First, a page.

The patient, an Oman Military Service personnel, had flew in to Amrita Institute of Medical Sciences and Research Centre here recently from Muscat after several hospitalisations for repeated pneumonia during the past several years.
The fish bone measuring 1.5 cm x 1.4 cm tucked away within the lower lobe of the right lung was removed successfully and the pus formed around it drained out, the hospital said in a release today.
"It was life-threatening. A foreign body made it difficult for the person to bring out secretion. Behind the foreign body, there was pus formation and it could not come out. The lung behind it had become necrotic," said Dr Arun Nair, Head of Interventional Pulmonary Department at Amrita Institute of Medical Sciences & Research Centre.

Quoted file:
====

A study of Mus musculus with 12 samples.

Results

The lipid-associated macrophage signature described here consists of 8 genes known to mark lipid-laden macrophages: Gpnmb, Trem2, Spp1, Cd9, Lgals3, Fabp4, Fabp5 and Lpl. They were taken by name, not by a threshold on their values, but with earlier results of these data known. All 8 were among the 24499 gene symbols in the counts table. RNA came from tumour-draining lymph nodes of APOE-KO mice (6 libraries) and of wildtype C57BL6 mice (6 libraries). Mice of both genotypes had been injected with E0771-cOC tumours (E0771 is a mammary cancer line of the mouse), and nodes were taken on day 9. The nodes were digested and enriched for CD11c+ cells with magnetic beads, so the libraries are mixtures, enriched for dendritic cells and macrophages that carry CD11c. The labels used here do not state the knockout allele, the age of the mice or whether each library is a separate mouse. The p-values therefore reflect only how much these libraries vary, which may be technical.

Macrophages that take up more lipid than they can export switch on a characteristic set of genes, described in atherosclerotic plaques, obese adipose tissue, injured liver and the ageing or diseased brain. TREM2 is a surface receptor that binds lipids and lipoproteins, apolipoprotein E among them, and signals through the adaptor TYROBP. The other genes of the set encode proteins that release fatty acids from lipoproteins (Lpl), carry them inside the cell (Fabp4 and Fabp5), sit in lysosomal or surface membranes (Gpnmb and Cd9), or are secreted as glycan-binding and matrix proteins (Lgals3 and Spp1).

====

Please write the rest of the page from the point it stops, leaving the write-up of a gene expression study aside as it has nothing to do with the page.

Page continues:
Dr Nair said, the fish bone was never detected by doctors during earlier hospitalisations in Oman as CT scans did not pick it up. Normally such foreign bodies get stuck in the lungs of children, but in the case of an adult, it was a rare incident.
"When there is a foreign body in the lung, the lungs gets destroyed. When the lung get destroyed, there could be pus formation, infection and over a period of time it could cause irreparable damage," he said.
"It is unusual to have a foreign body remained undetected for seven years and removing it after such a long time was challenging, as there was excessive tissue growth around the foreign body," he said.
The patient is due for discharge later this week and could return to normal routine after two to three months of complete rest, Dr Nair said.